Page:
Saturday, 11 June 2016

Blind Target

Chuck has us starting this week's story with a knock at the door. It took me a bit to sort out how to get my story onto the screen - I knew what I wanted to write; but the way it was getting there was going to be difficult. 


It didn’t take long for Lisa to get to the door, “I’m coming! Hang on!” she walked up to it with confidence – even though she hated receiving visitors – and opened it as much as the chain would allow, “Hello?”
“Hello Miss, we were wondering if you were interested in having a Foxtel connection?” a young man said.
“No thank you, I can’t afford that.” She said and closed the door, sliding the deadbolt across. She stood there for a moment, relieved she didn’t have to talk to them too long; yes, she knew there was another one there.
“Fuckin’ bitch didn’t let me say much.” The first one who spoke said.
“Hey, some of them are like that. They know what they want in life and Foxtel television isn’t part of their lives.” The other said, “Let’s just move onto the next person.” They moved away, but not before the second person commented, “And if you’re going to take everything personally, you’re not the person for this job.”

A few days later, something bashed onto her front door and Lisa’s dog barked, but Thunder didn’t leave her side until she urged him to stand up and check it out with her.
It was brick.
Puzzled, she picked it up and threw it to one side; out of the way of the path; meanwhile, Thunder stood in the doorway of the house.
From across the road, the young man who had knocked on Lisa’s door trying to get her to buy Foxtel – and took it personally – was watching. He noticed something strange about her: she didn’t watch where she threw the brick and she was slow going back into the house.
“She’s blind.”

“So, how has your week been, sis?” Courtney asked as she unpacked the groceries on the counter of Lisa’s kitchen.
“Not bad.” She smiled, “We had Foxtel people come around and try to push it onto me and the neighbours.”
Mark cleared his throat from the kitchen table, “Are you sure?”
“Yes… oh… that’s right, you work for that company.”
“We’re not door-knocking anymore around here. That stopped six months ago.” He replied, “I’ll call the police and let them know.” And walked into the hall to use his mobile.
“Thank you. When you lose your sight, you lose track of time.” She said.
“And what’s that brick next to your door?” Courtney asked.
“Somebody threw it at my door the other day.” She said, “Thunder barked but I think it was because the sound scared him more than anything else. But when I tossed it to one side, he was really alert in the doorway.”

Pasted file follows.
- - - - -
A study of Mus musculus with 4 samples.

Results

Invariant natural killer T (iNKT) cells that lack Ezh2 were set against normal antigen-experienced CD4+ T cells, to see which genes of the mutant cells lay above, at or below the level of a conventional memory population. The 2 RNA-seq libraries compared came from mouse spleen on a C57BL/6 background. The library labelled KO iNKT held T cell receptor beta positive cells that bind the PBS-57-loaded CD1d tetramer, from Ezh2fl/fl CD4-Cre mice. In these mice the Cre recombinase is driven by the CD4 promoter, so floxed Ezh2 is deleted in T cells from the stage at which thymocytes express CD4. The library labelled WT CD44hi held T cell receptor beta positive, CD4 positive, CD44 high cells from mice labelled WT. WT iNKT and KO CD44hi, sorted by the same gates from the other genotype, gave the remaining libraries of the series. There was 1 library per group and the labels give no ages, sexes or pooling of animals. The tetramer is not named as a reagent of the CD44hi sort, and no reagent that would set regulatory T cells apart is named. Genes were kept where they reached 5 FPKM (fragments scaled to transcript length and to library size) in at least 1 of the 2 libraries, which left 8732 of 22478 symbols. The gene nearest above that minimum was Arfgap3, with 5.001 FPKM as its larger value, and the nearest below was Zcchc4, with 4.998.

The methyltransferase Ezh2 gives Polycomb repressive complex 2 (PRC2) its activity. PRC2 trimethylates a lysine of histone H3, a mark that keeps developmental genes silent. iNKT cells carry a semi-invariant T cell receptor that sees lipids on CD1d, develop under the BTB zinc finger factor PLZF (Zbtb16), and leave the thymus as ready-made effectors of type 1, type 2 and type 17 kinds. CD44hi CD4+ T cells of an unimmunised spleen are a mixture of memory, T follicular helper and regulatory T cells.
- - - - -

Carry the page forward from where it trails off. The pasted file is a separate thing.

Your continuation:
Mark came back into the room, “Yeah, they’ve had six or seven break-ins around here in the last week – all people who have disabilities and all people who said no to the Foxtel connection.” He sighed, giving his wife a concerned look, then looked over at his sister-in-law, “Lisa, I don’t want you staying here on your own anymore.”
“Hey, the car accident wasn’t my fault… I can do a lot of things on my own.” She smiled, “And I still have my gun.”
“Which anyone can use against you.” He said.
Courtney hissed, “Mark.”
“My fire arm could easily have been used against me when I was a cop. What’s the difference now?” Lisa asked.
“You can’t see your target.”
“We’ll see about that.”

A week past before Thunder woke Lisa in the middle of the night, whimpering that something was going on. The last time this happened, he had caught a burglar picking the back door lock and all she did was turn on the back light… the dude had left his lock pick in the lock when he took off. Lisa thought that was hilarious.

But this time, it was more urgent.

This time, Thunder had started to jump onto the bed and she knew she needed her gun.

She grabbed it as she climbed out, slipped her feet into her loafers and felt the chill of the air around her as she walked quickly and quietly to the door. Thunder stayed by her side – being an ex-police dog who had become her guide dog, he knew to stick by her when they were working; and to him, this was them working.
A smash and tinkle of glass was heard from downstairs… footsteps crushing the glass after they unlocked the door, snapped the two chains she had on it…

…Lisa breathed slowly waiting for them at the top of the stairs in the darkened corner where they couldn’t see her.

Thunder’s warm body by her leg was comforting to her – more now than ever because he was her eyes – and she could feel his body tense; thus showing they were going to come upstairs.

She readied herself for an attack as the scent of the cheap cologne from the young man invaded her nose before he was up the stairs.

Thunder growled.

Lisa took aim right in front of her and pulled the trigger.

She heard the exhale of air and his body collapse down the stairs. But she couldn’t relax yet… because Thunder was still tense.

There was another one in the house.

“Where are you! I know you’re here… no use in hiding. I’m a cop and so is my dog!” she shouted.
“Aaaww, crap, lady… you’re blind…”
“Stay where you are!” another familiar voice shouted, “Put your gun down! On your knees! Don’t move!”
“Thunder stay.” She said grabbing his collar as she slid into the corner of the wall next to him, “Good boy… we’re a good pair.” He turned and licked her cheek, “I love you too, you big softy.”
“Is anyone here?” a voice called up the stairs.
“Yeah! My name is Lisa. I’m an ex-cop.”
“Lisa Battley? Man, I heard about you and Thunder. That was no accident. Somebody wanted you out of the way.” He knelt down, “Good shot you took there.”
“Thanks.” She smiled, “And these two bozo’s?”
“They came back to finish the job.”
“So, what now? Seeing I’m not out of the woods with this really?”
“Protective custody.” He replied.
“Oh… yay. If being blind isn’t bad enough.”